Fewer checkpoints and less garda surveillance 'probably' led to more road deaths, says Shane Ross
Minister for Transport Shane Ross said that fewer checkpoints and garda surveillance "probably" led to more road deaths in 2016.
Speaking on RTÉ's News at One, Mr Ross said there are many reasons why there was an increase in road deaths, including the attitude of younger men towards drink-driving.
“It probably is one of the reasons. There are a number of reasons. I think a lot of it is also to do with the attitudes of people particularly younger men as we can see from the figures today towards drink driving and that’s very serious."
He said the issue was "a matter of urgency" for Government and that the new Road Safety Bill will be implemented "as soon as possible".
"We’ve heard the figures of the deaths on the roads, which are up 20pc this year already and that is just completely and utterly unacceptable.
"We’ll have to implement (the new bill) urgently," Mr Ross told RTÉ's News at One.
He said he has engaged in "many discussions" about the number of garda checkpoints on roads.
“It has been discussed at length not just with cabinet but with the Minister for Justice, gardai and the Road Safety Authority. We meet quarterly and discuss this amongst many other issues.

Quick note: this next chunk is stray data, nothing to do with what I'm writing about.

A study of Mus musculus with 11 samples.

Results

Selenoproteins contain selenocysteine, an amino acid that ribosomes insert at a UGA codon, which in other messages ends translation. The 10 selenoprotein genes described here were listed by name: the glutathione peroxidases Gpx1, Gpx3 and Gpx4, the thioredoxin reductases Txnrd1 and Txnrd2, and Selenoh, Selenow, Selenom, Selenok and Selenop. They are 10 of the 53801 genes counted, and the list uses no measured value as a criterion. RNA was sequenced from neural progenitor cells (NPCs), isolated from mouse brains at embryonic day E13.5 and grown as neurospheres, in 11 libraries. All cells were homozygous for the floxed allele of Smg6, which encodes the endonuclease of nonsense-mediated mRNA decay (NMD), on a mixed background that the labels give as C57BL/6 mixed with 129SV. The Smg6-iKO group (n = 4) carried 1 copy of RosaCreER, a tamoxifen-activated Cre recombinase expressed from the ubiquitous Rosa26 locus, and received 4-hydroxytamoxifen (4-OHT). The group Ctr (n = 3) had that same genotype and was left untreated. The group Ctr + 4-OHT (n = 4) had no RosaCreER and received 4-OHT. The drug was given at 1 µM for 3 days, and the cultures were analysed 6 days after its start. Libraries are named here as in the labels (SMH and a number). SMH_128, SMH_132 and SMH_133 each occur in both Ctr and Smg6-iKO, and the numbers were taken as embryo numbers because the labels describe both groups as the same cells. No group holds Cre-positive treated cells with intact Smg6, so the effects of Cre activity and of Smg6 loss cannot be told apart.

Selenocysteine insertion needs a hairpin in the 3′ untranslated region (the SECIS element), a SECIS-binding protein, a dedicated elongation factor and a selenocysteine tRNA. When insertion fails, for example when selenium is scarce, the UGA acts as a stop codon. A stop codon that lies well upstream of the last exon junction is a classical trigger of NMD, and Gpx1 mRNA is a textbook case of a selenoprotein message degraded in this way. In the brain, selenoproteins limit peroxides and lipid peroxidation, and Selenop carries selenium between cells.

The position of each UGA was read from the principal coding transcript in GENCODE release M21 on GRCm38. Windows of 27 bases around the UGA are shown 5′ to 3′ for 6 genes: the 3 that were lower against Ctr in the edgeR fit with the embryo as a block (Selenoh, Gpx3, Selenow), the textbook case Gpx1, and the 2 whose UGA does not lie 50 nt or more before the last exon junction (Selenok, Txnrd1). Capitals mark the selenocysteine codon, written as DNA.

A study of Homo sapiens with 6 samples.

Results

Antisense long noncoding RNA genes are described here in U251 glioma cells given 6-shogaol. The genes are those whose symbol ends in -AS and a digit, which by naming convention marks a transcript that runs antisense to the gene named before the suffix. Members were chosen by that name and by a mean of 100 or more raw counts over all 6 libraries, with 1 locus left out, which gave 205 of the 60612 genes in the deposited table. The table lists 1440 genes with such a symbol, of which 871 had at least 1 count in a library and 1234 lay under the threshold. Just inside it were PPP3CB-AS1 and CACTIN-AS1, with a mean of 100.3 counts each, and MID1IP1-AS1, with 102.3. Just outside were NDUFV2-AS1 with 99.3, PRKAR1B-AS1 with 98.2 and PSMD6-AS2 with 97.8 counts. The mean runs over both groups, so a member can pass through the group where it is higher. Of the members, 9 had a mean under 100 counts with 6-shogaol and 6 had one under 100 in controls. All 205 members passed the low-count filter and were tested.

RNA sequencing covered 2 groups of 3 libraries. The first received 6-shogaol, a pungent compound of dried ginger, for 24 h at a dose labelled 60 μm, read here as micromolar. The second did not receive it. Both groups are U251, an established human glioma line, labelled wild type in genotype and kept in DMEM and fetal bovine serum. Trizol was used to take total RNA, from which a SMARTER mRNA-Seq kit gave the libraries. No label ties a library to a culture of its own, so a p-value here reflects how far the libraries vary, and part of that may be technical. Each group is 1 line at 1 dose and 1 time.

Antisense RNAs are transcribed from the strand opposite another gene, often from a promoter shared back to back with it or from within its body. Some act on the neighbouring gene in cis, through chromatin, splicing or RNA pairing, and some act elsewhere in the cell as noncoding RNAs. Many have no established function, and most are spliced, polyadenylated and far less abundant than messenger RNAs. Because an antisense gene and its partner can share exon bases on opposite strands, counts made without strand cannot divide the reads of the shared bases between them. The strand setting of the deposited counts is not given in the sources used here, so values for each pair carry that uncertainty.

"Gardai are down in numbers but we hope that this is going to be improved because there is no doubt that people are saying, I don’t know whether it’s true or not, but that drivers who are prepared to take risks with drinking think there are less patrols out there. We need to make sure that perception is got rid off."
Mr Ross also said that six garda stations will be re-opened.
"We discussed all the garda stations, there is a pledge in the programme for Government that six garda stations will be re-opened. Gardai are now preparing a report.
"I think it was a mistake to close those garda stations."
A total of 341 drink-drivers were arrested in the first two weeks of this month.
Gardai say the increase is down to "smart policing" and an extra 1,000 checkpoints.
There are now 3,500 checkpoints nationwide aimed at catching motorists driving under the influence of alcohol.
Assistant Commissioner Michael Finn, describing Christmas as a "particularly high-risk period", called on drivers not to put their lives, or those of other road users, at risk.
"So the message is simply this: do not drink and drive this Christmas."
There have been 182 deaths on Irish roads so far this year, an increase of 34 on last year.
An Garda Siochana and the Road Safety Authority (RSA) launched the Christmas and New Year anti-drink driving campaign on December 1.
Since then, 51 arrests have been made in Dublin.
"This is a reduction of 10 drivers on the same period last year, which is encouraging, but still the figures are far too high for the region," said Supt Tom Murphy.
Gardai are urging motorists to make alternative plans early in the day before they drink.
They are also warning drivers to make sure they are not over the limit the day after a night of heavy drinking.
Chief Supt Aidan Reid said: "Nearly 350 people have now been detected in the first two weeks of the campaign and this will continue if people do not heed that message.
"We're going to be out there for the Christmas, and people who aren't taking personal responsibility will be detected."